500 people from 50 countries have answered our appeal and helped us to raise more than €40,000.
Thanks to them, we were able to cover the costs of a significant share of the activities we carried out in 2016.
What did we do in 2016?
GARDENS IN AFRICA: fresh, healthy food for schools and communities
In 2016, we created 597 new food gardens in 17 African countries, reaching a total number of 2,607 gardens (1,200 in schools and 1,407 in communities). A total of 2,300 people were involved in an intensive educational program, with training provided on agroecological techniques, soil and water management, seeds and more.
ARK OF TASTE: the global catalog of traditional foods at risk of extinction
During 2016 we published 1,181 descriptions of products from 95 countries around the world. The top ten countries with the most new Ark products in 2016 were France (172), Brazil (76), Peru (74), China (44), Mexico (39), the United States (38), the United Kingdom (36), South Africa (30), Australia (29) and Chile (28).
SLOW FOOD PRESIDIA: good practices that save biodiversity and regenerate local economies
A total of 45 new Presidia were launched in 2016, and we passed the threshold of 500 projects. Currently 514 Presidia are active in 67 countries. The countries where new Presidia were established in 2016 are Austria (3), Belgium (2), Brazil (1), Bulgaria (1), Canada (1), Colombia (1), the Czech Republic (1), Indonesia (3), Italy (17), Macedonia (1), Mexico (6), Peru (1), Romania (1), South Africa (1), Tanzania (1), Uganda (3) and the United Kingdom (1).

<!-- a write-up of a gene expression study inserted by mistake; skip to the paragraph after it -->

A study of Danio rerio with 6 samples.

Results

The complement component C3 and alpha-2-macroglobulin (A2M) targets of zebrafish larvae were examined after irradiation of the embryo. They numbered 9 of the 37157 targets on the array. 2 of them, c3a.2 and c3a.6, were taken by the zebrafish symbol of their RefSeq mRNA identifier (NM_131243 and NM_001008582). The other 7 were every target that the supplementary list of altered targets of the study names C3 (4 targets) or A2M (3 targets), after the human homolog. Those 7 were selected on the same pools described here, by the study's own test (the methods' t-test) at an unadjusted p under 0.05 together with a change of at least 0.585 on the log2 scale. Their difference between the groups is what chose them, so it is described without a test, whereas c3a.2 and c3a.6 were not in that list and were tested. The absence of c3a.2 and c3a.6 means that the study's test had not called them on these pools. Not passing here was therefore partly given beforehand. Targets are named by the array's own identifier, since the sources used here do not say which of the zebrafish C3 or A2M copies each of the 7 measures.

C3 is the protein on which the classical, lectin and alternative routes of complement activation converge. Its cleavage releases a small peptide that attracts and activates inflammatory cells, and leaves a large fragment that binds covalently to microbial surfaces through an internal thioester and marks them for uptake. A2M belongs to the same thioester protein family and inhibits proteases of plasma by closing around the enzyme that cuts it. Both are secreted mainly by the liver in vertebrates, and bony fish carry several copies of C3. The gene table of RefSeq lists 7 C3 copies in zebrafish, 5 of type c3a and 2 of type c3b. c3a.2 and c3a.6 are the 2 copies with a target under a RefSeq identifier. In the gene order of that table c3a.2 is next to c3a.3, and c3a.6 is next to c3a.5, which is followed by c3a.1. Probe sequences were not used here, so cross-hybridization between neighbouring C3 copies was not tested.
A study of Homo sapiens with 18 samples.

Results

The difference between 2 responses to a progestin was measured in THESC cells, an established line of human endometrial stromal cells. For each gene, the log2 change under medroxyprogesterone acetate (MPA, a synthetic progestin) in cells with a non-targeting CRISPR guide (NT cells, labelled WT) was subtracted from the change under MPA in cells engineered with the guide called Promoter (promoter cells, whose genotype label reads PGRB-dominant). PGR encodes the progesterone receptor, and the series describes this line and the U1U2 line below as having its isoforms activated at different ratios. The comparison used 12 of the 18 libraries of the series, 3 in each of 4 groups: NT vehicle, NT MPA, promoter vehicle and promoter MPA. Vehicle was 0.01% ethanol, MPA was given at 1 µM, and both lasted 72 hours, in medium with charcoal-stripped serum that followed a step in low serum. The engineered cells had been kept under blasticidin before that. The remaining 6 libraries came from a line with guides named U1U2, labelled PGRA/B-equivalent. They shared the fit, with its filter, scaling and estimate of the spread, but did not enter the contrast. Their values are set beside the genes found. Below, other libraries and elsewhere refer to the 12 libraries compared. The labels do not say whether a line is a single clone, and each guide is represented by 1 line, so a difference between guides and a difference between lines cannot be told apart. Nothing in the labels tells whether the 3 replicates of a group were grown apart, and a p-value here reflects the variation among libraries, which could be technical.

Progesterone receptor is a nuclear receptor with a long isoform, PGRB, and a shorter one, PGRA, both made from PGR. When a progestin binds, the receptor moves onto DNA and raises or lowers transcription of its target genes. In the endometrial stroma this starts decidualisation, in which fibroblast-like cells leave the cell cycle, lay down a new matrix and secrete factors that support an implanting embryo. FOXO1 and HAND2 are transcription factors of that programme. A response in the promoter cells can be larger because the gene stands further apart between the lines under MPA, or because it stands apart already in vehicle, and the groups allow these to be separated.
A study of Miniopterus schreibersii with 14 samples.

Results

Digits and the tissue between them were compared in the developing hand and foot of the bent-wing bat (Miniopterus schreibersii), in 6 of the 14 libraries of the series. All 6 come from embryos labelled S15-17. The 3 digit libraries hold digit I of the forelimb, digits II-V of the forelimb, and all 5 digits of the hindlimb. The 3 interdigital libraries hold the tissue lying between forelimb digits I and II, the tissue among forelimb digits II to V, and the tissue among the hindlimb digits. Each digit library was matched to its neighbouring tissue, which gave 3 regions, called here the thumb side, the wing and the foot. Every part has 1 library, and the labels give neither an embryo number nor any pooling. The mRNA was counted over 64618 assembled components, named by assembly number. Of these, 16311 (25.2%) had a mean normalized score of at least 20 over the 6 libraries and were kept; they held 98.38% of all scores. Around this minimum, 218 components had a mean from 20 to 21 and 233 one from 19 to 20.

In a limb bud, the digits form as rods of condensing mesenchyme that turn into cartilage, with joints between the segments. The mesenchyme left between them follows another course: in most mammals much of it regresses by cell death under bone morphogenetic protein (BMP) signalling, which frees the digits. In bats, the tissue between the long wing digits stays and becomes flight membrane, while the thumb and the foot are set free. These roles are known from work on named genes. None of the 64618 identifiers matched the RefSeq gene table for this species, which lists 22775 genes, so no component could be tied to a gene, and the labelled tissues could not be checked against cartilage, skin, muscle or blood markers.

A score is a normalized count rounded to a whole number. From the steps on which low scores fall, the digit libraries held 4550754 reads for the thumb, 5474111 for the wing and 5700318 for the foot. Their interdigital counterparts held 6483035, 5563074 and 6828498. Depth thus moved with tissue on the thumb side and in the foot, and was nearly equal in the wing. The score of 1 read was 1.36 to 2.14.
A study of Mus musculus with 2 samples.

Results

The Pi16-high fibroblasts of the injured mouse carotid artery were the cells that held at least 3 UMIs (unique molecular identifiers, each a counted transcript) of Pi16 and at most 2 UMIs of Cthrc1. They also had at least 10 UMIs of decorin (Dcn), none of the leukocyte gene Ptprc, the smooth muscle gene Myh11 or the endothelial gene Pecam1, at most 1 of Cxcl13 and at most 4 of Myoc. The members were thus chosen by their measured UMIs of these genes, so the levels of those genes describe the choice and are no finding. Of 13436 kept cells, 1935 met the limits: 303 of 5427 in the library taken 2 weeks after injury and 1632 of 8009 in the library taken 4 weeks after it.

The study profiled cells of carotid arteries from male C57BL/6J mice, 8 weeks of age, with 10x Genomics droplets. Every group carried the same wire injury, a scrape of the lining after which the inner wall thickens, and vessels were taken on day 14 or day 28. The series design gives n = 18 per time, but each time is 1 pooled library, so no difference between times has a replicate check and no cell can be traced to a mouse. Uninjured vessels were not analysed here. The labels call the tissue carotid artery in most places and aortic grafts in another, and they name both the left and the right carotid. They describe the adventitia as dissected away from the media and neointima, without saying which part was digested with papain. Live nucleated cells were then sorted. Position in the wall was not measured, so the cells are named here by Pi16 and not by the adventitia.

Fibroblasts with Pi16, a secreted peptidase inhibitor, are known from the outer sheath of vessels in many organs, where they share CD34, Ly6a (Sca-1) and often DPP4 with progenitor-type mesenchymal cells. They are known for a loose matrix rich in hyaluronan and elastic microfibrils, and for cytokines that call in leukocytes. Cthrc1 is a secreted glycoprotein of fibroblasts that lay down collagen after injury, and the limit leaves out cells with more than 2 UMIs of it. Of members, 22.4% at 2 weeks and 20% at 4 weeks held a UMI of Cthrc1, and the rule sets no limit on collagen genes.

SLOW FOOD CHEFS’ ALLIANCE: bringing the products of small-scale farming into restaurants
In 2016, the Slow Food Chefs’ Alliance spread to Brazil, Argentina, Ecuador, Kenya, Uganda, India, Belgium, France and Germany.
Currently the project involves 700 chefs in 15 countries.
EARTH MARKETS: shortening the distance between producers and consumers
New Earth Markets were started in 2016 in Chile (4), Italy (5), Latvia (1), Spain (1), Turkey (1) and Uganda (1).
There are now 59 Earth Markets in 17 countries.
Why save biodiversity?
Only biodiversity can guarantee good, clean and fair food for everyone, without destroying the planet. Intensive agriculture—based on a few varieties grown with chemical fertilizers and pesticides and a few livestock breeds farmed using industrial methods—is bad for the environment and bad for our health.
Donations were received by the Slow Food Foundation for Biodiversity, the non-profit organization that promotes and coordinates Slow Food’s biodiversity-protectionprojects around the world.